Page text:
Shortly before the Eagles' Class 2A softball victory over Woodlan, Chuck Schroeder of Greencastle was honored as the 2011 recipient of the Interscholastic Athletic Official Association Award for softball.
A few hours later, Schroeder was back on the Ben Davis softball field, umpiring the Class 4A contest between Carmel and Avon.
Even with the excitement of the 4A game -- Carmel won 1-0 on an eighth-inning walk-off double -- and his pride at the award, Schroeder was most excited to see a championship come to Putnam County.
"I would have given up my award to have South Putnam win, that's how excited I was, more for them than for myself," Schroeder said.
As a fan of a good game, Schroeder said his biggest regret was not seeing the conclusion of the Eagles' extra-inning win. He had to excuse himself early to prepare for the 4A game.
"The worst thing for me was I had to leave in the sixth inning when they had all that excitement going on because I had to get dressed. I couldn't get over there and I missed it all," he said.
Schroeder's enthusiasm comes as no surprise to those who know him, especially his wife Ruth.
"Officiating is something that he has loved to do. Even when we first moved to Greencastle and we didn't have children, he was always involved over at the Armory with youth baseball," Ruth said.
It is this joy and passion for athletics that helped get Schroeder where he is today as an honored official. He first got involved with Putnam County sports as an organizer of Greencastle's men's softball league in the mid-'70s.
Having played, coached and organized, Schroeder got behind the mask as an umpire in 1983.
"Mike Rokicki got me involved with doing some officiating in '83. From there, it just went on and I got to enjoy doing this stuff," Schroeder said.
Over the years, Schroeder has maintained a good rapport with coaches, understanding that emotions run high. In nearly 30 years as an umpire, he has kicked only two people out of games, and neither was a head coach.
"On the upper levels, it's all about wins and losses with the coaches. If a guy gets mad at me, let him get mad at me," Schroeder said. "I'm not one of those officials who gets upset with a coach when he gets mad because if I was a coach, I'd get really mad if a call went one way or the other."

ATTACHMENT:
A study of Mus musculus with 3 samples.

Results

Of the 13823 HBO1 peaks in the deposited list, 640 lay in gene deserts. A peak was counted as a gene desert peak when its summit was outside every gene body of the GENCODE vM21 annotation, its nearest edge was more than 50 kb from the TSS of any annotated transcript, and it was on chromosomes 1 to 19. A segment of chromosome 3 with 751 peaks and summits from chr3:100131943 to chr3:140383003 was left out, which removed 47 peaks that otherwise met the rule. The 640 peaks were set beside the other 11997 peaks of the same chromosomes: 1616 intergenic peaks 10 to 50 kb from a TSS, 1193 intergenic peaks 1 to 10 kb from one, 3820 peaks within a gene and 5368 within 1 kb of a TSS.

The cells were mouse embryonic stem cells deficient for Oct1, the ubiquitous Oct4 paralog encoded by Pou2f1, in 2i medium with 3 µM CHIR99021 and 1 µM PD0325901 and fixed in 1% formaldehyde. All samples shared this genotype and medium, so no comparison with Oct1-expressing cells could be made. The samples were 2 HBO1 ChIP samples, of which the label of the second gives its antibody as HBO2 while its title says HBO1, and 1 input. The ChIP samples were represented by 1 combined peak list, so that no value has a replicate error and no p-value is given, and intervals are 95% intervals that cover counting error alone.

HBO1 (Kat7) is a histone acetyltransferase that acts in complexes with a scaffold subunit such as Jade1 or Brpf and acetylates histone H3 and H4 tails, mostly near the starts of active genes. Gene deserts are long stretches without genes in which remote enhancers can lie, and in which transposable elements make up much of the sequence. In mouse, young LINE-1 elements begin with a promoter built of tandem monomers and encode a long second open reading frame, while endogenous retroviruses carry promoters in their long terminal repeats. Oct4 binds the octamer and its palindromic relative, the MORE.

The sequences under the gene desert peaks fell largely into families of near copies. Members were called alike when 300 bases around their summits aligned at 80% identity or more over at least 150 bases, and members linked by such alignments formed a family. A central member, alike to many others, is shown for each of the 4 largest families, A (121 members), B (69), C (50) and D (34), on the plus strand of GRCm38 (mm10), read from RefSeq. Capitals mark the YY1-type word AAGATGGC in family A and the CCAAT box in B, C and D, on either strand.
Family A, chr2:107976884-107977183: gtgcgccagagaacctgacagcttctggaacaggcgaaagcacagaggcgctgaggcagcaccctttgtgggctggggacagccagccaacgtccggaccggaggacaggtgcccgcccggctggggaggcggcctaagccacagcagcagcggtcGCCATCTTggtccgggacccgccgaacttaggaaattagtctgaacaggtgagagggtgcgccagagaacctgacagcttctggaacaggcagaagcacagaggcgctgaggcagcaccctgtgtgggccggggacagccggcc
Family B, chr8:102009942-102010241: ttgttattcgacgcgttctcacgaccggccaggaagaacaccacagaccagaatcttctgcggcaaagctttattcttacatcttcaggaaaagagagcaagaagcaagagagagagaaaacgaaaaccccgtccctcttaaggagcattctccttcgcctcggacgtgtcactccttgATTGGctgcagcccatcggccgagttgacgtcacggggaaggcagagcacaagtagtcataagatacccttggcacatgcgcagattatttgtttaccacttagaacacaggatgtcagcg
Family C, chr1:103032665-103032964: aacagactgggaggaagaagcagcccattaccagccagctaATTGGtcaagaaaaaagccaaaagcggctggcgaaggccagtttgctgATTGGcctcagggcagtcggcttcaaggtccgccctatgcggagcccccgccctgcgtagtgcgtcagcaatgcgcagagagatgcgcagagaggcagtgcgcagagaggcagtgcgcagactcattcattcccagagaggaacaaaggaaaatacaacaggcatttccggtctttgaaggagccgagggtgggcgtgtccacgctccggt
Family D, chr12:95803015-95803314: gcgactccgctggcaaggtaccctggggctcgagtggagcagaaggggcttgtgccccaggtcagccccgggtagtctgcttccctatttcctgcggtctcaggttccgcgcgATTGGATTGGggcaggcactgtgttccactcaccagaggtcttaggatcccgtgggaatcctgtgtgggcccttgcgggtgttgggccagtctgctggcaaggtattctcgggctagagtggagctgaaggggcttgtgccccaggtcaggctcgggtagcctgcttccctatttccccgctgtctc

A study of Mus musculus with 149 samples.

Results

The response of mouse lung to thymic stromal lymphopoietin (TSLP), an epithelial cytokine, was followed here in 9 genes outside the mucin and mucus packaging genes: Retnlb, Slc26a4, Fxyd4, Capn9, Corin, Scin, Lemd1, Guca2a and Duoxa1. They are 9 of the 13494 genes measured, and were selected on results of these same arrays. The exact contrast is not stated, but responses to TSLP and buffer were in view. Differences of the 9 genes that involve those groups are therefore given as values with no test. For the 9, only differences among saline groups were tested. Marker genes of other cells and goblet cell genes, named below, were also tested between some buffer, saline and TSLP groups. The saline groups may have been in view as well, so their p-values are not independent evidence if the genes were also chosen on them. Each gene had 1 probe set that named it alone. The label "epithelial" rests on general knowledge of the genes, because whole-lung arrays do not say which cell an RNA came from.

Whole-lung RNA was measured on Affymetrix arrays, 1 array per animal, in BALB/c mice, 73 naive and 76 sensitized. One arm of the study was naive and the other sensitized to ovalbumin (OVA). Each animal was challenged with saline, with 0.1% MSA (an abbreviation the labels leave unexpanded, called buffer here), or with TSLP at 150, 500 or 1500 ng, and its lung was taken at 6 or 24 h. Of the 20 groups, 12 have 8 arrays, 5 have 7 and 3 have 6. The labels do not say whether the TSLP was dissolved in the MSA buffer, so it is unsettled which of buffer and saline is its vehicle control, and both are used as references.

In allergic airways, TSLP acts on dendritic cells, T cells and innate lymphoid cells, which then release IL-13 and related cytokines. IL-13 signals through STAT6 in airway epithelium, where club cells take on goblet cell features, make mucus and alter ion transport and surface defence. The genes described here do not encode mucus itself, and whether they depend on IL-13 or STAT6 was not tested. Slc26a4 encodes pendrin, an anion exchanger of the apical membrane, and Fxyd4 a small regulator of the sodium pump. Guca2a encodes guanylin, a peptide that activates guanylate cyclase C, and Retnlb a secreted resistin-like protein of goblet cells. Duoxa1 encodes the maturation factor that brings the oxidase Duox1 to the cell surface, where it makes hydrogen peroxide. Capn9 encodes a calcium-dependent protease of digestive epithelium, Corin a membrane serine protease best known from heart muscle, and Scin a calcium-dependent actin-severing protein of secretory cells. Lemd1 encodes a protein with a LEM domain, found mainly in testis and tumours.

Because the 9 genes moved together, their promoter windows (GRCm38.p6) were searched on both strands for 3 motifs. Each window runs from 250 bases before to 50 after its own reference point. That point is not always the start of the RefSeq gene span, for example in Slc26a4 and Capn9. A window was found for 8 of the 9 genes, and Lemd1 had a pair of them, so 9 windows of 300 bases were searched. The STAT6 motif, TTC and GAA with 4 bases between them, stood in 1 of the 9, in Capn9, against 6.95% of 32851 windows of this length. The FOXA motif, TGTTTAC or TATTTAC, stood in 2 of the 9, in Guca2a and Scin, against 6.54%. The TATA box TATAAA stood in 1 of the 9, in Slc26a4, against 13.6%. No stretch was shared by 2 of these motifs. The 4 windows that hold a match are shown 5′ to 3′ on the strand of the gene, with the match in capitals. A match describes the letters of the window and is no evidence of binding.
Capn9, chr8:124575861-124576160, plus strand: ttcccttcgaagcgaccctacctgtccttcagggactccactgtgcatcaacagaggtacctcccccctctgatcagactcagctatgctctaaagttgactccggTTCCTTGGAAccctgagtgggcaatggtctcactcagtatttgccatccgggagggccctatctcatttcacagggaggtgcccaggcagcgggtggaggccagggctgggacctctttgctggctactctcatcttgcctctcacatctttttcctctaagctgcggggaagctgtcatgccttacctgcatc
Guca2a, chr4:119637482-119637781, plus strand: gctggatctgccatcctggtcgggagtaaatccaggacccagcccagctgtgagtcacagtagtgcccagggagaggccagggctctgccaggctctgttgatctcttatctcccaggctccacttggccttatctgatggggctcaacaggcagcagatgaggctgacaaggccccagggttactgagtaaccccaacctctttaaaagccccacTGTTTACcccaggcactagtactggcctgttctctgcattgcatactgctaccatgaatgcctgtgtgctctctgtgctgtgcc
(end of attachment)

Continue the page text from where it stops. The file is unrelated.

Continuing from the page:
Mark Miller, who is Schroeder's officiating partner a majority of the time, said it is Schroeder's level head and consistency that earned him the honors he's received.
"Officials make mistakes, but you never really have to worry about Chuck goofing up. You just feel really confident. He's always in position. He's very fair," Miller said.
The award, along with working the title game, are proof that Miller isn't the only one who's noticed such professionalism. The award is based on the votes of other officials. Working the championship game springs from the positive ratings of coaches throughout the season.
"It's good to get the recognition from both sides at the same time. I probably have achieved what I'm after," Schroeder said. "Everything else now is just a matter of enjoying. I always try to strive for the best, and once you achieve that, you at least want to maintain it."
"I think part of it is Chuck's personality. He gets along with people and builds a good rapport with coaches," Miller said. "For Chuck, it's more than a game. It's about friendships and relationships. I think that has a lot to do with it."
Schroeder has also noticed the downside of building those good relationships. Over the years, he's come to consider many coaches and athletic directors his friends. While he doesn't let that affect his calls, it also doesn't make the calls any easier.
"I think what I really struggle with right now is when I have a game with two friends," Schroeder said. "It gets me anxious, not because of the game, but because I'm dealing with two friends. And one of them is going to walk away with the loss."
Despite his worries about friends, Ruth figures umpiring has just the opposite effect on her husband.
"It keeps him young," she said. "He enjoys it and I'm happy for him."